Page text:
This scale-covered cabinet by Swedish designer Jenny Ekdahl is intended to help victims of natural disasters to recover from their traumatic experiences.
Ekdahl was inspired by the idea that creating graphs and diagrams of natural disasters can aid the psychological recovery process after the event.
One side of each wooden scale is painted blue, white or grey, while the other side has been left plain, so that they can be flipped to create patterns based on water and waves.
The beech wood cabinet is made up of more than 4000 parts in total.
Ekdahl recently graduated from the school of industrial design at Lund University in Sweden.
Here's some more information from the designer:
A natural disaster is an event that we associate with destruction, distress and sadness. But a natural disaster is also a phenomenon that fascinates, that is beautiful and at the same time terrifying. This contradicting love-hate relationship with nature was the starting point for my thesis work.
I wanted to create an object that could both illustrate my appreciation of natural forces as well as the psychological process of recovery after a natural disaster. By describing natural disasters with graphs, diagrams and simplified pictures they are said to make the events easier to embrace.
As part of my thesis work I therefore investigated what shapes, textures and patterns the human being automatically is intrigued by, such as rhythm, complexity, playfulness and the possibility to leave personal imprints on an object.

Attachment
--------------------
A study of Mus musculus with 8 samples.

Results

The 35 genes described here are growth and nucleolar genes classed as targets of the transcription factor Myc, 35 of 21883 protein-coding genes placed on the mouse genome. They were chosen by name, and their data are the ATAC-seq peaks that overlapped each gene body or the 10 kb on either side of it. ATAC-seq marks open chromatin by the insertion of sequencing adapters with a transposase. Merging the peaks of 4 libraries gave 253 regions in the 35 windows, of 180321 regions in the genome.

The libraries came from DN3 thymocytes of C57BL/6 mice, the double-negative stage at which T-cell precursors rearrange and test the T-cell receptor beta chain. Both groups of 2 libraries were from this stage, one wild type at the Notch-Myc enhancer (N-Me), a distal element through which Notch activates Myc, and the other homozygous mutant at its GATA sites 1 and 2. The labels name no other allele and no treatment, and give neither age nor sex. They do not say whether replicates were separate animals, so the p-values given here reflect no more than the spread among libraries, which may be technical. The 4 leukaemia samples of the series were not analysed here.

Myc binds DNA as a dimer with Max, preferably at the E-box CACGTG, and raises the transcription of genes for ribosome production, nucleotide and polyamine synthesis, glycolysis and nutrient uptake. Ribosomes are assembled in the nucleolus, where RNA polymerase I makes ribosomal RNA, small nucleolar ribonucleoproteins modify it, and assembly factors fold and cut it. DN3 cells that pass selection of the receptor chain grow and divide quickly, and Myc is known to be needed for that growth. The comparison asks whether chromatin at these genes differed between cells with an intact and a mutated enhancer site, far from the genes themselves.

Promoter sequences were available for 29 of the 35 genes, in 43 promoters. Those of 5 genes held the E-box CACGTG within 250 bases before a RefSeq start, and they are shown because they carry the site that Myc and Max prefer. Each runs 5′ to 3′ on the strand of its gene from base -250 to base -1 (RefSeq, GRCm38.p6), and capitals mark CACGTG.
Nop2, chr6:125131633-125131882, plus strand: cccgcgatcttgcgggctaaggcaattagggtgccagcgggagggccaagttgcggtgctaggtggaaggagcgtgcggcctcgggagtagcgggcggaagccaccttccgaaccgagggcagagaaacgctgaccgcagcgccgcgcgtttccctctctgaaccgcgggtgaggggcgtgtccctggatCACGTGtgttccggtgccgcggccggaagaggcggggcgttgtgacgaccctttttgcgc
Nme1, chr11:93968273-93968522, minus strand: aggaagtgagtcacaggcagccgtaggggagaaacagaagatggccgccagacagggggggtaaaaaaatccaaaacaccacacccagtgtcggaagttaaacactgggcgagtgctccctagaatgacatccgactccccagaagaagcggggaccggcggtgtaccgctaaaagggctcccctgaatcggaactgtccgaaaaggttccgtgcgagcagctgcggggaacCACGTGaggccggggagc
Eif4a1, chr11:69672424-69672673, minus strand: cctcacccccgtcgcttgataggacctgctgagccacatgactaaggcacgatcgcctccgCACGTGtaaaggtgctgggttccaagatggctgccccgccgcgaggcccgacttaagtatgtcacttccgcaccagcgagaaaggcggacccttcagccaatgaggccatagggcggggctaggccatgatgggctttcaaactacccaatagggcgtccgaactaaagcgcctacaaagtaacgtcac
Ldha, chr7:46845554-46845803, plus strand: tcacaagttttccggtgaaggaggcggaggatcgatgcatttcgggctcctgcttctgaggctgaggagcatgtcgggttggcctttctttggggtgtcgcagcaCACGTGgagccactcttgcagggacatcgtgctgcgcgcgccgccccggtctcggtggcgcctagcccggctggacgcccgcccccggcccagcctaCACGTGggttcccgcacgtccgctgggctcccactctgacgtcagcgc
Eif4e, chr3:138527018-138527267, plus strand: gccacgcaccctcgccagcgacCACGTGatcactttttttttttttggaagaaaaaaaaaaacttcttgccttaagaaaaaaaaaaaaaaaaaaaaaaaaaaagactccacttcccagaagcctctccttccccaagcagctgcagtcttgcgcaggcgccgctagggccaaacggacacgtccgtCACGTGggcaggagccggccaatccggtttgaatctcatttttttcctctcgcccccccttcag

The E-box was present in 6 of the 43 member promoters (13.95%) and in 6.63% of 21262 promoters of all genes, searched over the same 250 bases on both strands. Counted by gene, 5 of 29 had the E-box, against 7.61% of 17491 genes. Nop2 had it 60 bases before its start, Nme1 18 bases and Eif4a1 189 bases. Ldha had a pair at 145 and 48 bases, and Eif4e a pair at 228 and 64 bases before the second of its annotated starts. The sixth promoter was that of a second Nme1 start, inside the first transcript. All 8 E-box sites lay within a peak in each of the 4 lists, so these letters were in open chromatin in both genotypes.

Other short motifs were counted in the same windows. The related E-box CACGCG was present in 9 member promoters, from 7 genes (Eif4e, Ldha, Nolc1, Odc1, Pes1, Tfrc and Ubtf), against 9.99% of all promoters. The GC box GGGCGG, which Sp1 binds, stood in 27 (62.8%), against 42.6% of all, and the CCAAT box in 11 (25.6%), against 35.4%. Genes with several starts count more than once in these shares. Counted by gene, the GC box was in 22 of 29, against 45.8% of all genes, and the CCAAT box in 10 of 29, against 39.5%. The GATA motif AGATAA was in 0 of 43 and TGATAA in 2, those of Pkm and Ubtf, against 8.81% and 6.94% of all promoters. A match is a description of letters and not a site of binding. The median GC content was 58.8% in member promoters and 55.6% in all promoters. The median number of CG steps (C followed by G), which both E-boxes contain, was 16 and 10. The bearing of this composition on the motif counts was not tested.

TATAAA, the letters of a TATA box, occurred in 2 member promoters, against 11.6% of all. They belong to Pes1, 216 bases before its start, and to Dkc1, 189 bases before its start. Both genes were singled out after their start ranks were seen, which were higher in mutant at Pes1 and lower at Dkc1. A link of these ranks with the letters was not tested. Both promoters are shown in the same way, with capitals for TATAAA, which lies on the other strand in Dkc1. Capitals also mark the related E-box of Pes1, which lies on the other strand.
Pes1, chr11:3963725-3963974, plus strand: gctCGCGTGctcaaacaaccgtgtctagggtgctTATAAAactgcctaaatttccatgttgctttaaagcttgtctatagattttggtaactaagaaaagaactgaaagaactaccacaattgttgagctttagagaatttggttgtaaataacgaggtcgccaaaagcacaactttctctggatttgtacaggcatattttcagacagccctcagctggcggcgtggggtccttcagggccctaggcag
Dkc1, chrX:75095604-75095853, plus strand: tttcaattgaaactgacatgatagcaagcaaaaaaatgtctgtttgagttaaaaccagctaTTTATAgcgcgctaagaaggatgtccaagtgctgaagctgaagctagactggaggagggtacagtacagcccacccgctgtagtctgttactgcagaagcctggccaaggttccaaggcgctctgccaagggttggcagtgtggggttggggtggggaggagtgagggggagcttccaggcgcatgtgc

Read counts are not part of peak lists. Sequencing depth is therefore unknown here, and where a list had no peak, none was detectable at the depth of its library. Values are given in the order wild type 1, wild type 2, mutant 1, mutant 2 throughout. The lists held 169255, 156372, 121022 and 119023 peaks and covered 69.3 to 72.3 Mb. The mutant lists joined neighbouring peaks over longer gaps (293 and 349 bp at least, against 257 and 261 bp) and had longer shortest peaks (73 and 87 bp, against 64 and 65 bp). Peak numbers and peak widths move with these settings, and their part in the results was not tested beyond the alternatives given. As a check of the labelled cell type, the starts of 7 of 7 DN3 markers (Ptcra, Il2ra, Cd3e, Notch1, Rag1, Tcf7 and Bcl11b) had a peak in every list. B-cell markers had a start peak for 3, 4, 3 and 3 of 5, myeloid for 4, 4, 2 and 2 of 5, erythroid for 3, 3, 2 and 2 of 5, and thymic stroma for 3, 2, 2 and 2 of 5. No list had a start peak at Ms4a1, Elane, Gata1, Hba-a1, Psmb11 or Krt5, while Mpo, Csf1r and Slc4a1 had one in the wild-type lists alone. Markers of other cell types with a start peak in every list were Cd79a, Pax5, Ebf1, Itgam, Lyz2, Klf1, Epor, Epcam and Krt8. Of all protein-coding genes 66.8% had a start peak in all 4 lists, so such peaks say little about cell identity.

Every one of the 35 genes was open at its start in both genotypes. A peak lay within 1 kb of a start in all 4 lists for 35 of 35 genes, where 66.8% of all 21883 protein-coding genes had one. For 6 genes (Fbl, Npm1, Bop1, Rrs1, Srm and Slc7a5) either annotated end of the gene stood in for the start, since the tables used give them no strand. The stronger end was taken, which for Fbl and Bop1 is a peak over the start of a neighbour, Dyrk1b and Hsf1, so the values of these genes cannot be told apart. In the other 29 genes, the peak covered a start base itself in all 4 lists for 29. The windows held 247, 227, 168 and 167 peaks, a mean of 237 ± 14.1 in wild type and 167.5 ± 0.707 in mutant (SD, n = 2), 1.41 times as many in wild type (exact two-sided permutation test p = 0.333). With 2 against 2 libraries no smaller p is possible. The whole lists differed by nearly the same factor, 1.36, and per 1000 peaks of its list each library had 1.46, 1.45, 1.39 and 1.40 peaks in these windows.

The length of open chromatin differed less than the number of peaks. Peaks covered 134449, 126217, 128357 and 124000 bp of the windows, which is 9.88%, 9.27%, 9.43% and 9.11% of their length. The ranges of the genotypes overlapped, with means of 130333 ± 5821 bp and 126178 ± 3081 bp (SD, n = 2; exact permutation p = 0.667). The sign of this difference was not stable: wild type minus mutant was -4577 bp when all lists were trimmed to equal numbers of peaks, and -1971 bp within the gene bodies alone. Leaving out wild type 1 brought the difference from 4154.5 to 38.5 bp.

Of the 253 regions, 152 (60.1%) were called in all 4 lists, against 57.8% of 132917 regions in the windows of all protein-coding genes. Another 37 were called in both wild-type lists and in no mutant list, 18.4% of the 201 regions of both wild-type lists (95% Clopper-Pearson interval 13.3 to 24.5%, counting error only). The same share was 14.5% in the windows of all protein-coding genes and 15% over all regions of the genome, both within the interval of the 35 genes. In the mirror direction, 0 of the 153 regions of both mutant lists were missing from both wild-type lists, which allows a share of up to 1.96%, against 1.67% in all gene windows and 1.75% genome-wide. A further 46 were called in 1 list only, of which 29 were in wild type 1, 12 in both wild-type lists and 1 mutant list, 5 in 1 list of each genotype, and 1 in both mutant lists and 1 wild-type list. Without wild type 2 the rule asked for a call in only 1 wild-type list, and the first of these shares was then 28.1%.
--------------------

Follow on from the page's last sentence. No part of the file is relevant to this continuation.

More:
The interaction with the structure on the cabinet is a way for the user to tell her story, a conversation about sorrow and fear but also about finding meaning and regaining trust in nature after an incomprehensible event.
The function of the structure lies in mentally pleasing the user by showing her personality, feelings and personal marks, and it works as a tactile help by hiding at the same time as it highlights an event for the user, depending on what she decides to do with it. Sometimes you might talk about this process as turning pages in life and move on.
The cabinet represents water as well as the absence of water, a contrast that also defines a natural disaster. When mud is cracking of drought it produces a similar three-way pattern that water bubbles has, and therefore I chose to use this structure in my design.
The cabinet is made of beech wood with a moving structure on the door consisting of small, wooden scales. I both designed and made the cabinet myself that all together consists of more than 4,000 parts.